When seven-year-old Bana Alabed took to Twitter to describe the horrors she and her family were experiencing in war-torn Syria, her heartrending messages touched the world and gave a voice to millions of innocent children.
Written in Bana’s own words, this picture book offers a uniquely intimate child’s perspective on one of the biggest humanitarian crises in history. Bana has lost her best friend, her school, her home, and her homeland. But she has not lost her hope—for herself and for other children around the world who are victims and refugees of war and deserve better lives.
Un cuento oportuno y conmovedor sobre la incertidumbre que siente una joven cuando deportan a su padre―y la empatía que crece cuando compartimos y nos escuchamos unos a los otros.
A timely and moving tale about the uncertainty a young woman feels when her father is deported and the empathy that grows when we share and listen to each other.
Hear My Voice/Escucha mi voz shares the stories of 61 these children, from Honduras, Guatemala, El Salvador, Ecuador, and Mexico, ranging in age from five to seventeen—in their own words from actual sworn testimonies. Befitting the spirit of the project, the book is in English on one side; then flip it over, and there’s a complete Spanish version.
Disappointed and upset at her grandmother’s hand-me-down costume, Malaika leaves the house, running into Ms. Chin, the tailor, who offers Malaika a bag of scrap fabric. With her grandmother’s help, Malaika creates a patchwork rainbow peacock costume, and dances proudly in the parade.
Xochitl and her family, newly arrived in San Francisco from El Salvador, create a beautiful plant nursery in place of the garbage heap behind their apartment, and celebrate with their friends and neighbors.
A Year Without Mom follows 12-year-old Dasha through a year full of turmoil after her mother leaves for America. It is the early 1990s in Moscow, and political change is in the air. But Dasha is more worried about her own challenges as she negotiates family, friendships and school without her mother. Just as she begins to find her own feet, she gets word that she is to join her mother in America — a place that seems impossibly far from everything and everyone she loves.
Adam feels alone in the strange new city. He misses his old friends and the colors of his faraway home. It’s fun to build snow animals with children in his new neighborhood, but Adam’s concrete surroundings still make him wish for something more.
The story of Robert and Margarete and their children Johannes and Dorothea, who emigrate from Germany to the United States in 1850. After landing in New Orleans and joining a wagon train headed west to Nebraska, the family establishes a farm outside Omaha. The book ends with a switch to modern day with descendants of Robert and Margarete living on the same farm. They make the decision to investigate their roots and visit Germany, reversing the trip their ancestors made.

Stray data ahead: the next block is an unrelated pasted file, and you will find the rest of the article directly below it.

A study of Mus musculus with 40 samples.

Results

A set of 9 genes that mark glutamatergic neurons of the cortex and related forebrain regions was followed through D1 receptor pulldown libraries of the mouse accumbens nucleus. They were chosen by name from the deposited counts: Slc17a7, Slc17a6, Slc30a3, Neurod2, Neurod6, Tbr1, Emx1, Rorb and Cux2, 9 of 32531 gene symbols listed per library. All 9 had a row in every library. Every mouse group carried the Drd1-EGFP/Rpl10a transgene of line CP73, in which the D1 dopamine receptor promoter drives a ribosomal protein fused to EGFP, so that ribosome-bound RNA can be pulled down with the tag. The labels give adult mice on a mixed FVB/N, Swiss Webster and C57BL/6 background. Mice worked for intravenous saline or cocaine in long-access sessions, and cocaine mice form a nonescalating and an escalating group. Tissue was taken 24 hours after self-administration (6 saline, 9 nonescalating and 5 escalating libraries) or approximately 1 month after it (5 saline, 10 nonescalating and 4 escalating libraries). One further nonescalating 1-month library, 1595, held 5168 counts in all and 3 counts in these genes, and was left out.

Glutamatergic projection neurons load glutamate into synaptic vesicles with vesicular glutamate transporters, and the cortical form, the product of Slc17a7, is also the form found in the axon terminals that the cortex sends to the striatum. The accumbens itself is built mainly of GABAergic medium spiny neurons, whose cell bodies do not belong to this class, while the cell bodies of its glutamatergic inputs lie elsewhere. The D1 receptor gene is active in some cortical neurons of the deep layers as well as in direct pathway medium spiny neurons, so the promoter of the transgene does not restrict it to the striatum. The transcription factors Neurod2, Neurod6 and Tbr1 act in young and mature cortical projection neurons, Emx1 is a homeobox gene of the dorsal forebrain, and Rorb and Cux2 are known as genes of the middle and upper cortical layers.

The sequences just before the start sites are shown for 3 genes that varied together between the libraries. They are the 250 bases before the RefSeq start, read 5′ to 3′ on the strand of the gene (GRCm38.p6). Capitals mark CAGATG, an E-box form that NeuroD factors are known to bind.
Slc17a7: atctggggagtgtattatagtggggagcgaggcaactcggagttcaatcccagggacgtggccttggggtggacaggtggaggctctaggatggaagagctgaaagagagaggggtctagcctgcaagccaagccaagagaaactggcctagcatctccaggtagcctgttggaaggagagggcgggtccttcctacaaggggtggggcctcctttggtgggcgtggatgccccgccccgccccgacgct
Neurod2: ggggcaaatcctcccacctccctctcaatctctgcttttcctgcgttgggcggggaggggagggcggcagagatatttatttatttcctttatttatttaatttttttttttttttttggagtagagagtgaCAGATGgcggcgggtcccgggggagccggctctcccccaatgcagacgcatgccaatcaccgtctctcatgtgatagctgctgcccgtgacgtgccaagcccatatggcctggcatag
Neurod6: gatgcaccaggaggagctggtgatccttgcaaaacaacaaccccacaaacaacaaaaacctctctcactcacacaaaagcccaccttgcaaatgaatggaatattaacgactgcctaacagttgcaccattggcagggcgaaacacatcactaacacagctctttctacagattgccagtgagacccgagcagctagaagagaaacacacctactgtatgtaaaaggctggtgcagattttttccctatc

“This immigration story is universal.” —School Library Journal, Starred Dan Yaccarino’s great-grandfather arrived at Ellis Island with a small shovel and his parents’ good advice: “Work hard, but remember to enjoy life, and never forget your family.” With simple text and warm, colorful illustrations, Yaccarino recounts how the little shovel was passed down through four generations of this Italian-American family—along with the good advice. It’s a story that will have kids asking their parents and grandparents: Where did we come from? How did our family make the journey all the way to America? “A shovel is just a shovel, but in Dan Yaccarino’s hands it becomes a way to dig deep into the past and honor all those who helped make us who we are.” —Eric Rohmann, winner of the Caldecott Medal for My Friend Rabbit “All the Way to America is a charmer. Yaccarino’s heartwarming story rings clearly with truth, good cheer, and love.” —Tomie dePaola, winner of a Caldecott Honor Award for Strega NonaFrom the Hardcover edition.
When Aref, a third-grader who lives in Muscat, Oman, refuses to pack his suitcase and prepare to move to Michigan, his mother asks for help from his grandfather, his Siddi, who takes Aref around the country, storing up memories he can carry with him to a new home.
Join the discussion of The Turtle of Oman as well as other books centered around relocation on our My Take/Your Take page.